NEBridge - Feldheim: More Optipism

 More Optipism

by Harold Feldheim

Originally printed in the U126 Kibitzer

When confronted by a near hopeless-looking contract, the enterprising declarer will take an optimistic view, hoping for a near-miracle lie of the cards. On the other side of the coin, when confronted by a cast-iron looking contract, our same declarer will look for hidden dangers that may sink the contract; hence, optipism; a word I coined in ‘Winning Swiss Team Tactics’.  This idea of early planning often reaps surprising dividends.

Consider the following hand:

North
K Q J 9
K 9 5
A J 8 4
A 5
           South
——
A Q J 8 2
K Q 6 5 2
K 5 4
 
South West North East
1 P 1 P
3 P 4 P
4 P 5 P
5 P 5NT P
7 P P P
       

Opening lead: 3

The auction is both businesslike and accurate. I particularly like the jump-shift by South. Despite holding only 15 hcps with a spade void, this 4 loser hand should be advertised. After fixing the trump suit, cuebids followed by the grand slam try propelled South to 7.

South surveyed his prospects with confidence. With five diamonds, five hearts, and the ace-king of clubs in hand, the task seems no more difficult than ruffing a club in dummy for the 13th trick. At this point, optipism should kick in. What can go wrong?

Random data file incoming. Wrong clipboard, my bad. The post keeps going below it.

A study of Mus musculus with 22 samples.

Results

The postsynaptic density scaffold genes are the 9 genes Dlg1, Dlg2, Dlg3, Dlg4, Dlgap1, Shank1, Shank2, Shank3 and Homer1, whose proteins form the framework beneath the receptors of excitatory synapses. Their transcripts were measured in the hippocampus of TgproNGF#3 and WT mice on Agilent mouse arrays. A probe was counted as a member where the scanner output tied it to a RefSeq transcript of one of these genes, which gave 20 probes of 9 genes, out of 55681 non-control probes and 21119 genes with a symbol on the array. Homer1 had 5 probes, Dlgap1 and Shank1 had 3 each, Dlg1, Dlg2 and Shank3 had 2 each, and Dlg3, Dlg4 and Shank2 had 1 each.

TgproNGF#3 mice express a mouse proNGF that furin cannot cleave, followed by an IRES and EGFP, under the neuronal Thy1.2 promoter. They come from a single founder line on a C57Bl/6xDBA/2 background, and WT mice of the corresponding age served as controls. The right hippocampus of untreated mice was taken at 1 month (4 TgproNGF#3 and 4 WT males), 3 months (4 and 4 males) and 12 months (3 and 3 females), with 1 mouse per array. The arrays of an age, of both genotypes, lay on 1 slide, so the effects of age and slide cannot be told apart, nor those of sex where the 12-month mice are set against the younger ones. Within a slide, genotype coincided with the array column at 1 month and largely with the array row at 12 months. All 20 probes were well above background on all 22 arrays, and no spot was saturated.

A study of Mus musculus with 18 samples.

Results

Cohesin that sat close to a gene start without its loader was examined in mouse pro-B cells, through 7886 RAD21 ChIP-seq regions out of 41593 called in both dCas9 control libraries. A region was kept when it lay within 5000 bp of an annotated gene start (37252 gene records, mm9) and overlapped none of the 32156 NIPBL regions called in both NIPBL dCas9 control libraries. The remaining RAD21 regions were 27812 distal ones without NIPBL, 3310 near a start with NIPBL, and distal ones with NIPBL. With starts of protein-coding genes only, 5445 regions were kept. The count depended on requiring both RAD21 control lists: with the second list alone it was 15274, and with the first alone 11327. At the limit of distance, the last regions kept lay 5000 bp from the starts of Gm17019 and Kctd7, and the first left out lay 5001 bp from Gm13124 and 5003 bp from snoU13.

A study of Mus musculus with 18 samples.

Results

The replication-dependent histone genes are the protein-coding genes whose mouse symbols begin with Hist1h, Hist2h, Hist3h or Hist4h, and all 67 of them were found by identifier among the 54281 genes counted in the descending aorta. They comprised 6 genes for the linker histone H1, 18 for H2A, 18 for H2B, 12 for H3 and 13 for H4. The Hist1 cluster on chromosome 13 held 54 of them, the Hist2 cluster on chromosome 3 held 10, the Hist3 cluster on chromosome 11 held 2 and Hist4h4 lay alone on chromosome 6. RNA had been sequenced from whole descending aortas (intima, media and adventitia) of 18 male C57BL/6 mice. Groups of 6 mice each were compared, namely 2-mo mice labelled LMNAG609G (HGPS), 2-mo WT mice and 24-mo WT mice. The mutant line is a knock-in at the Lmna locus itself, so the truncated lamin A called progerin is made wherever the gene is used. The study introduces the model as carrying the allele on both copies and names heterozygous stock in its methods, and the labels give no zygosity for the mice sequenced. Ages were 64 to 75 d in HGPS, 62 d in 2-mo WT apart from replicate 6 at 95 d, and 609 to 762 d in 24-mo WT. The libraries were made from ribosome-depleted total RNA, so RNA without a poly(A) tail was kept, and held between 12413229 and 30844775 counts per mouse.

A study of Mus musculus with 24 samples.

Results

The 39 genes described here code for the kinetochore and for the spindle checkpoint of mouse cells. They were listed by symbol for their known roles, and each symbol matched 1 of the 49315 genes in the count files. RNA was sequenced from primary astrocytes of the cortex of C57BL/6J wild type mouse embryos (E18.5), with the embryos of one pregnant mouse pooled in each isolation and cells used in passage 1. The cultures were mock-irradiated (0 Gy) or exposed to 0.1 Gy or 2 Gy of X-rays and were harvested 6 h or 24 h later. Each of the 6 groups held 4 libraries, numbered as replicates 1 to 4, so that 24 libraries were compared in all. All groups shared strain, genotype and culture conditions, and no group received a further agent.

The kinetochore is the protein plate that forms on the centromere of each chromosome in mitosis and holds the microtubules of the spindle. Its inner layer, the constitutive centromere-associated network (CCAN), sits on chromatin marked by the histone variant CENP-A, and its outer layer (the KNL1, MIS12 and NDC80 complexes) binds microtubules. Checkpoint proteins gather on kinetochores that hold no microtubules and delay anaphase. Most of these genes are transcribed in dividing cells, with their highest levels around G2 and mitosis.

There are two possible dangers. First, what if West started life with 4 diamonds and a singleton club? The second is a 5-0 heart split. This last can be handled later via normal technique. The first possibility is a bit more difficult but solvable by a dummy reversal. Believe or not, the key play is the 4 from the dummy! If East follows at trick one, pull trump and ruff a club for the fulfilling trick. If East shows out, carefully play the deuce from hand. Then ruff a spade with the K and lead a small diamond to dummy, winning as cheaply as possible. Trump another spade with the Q and pull trump. Now thirteen tricks are there; six diamonds, five hearts and the ace-king of clubs. This ability to anticipate trouble and convert a very good contract to an absolute certainty is a hallmark of the true expert.  The complete hands:

 
 North
K Q J 9
K 9 5
A J 8 4
A 5
 
West
A 8 7 6
10 7 4 6
9 6 5 3
8
 East
10 5 4 3 2
6
——
Q J 10 9 7 6 2
 South
——
A Q J 8 2
K Q 6 5 2
K 5 4
 
 
SouthWestNorthEast
1P1P
3P4P
4P5P
5P5NTP
7PPP

One fascinating point; as the cards lie, if you don’t play to trick one as indicated, the hand becomes awkward and painful. Bridge should never be thus.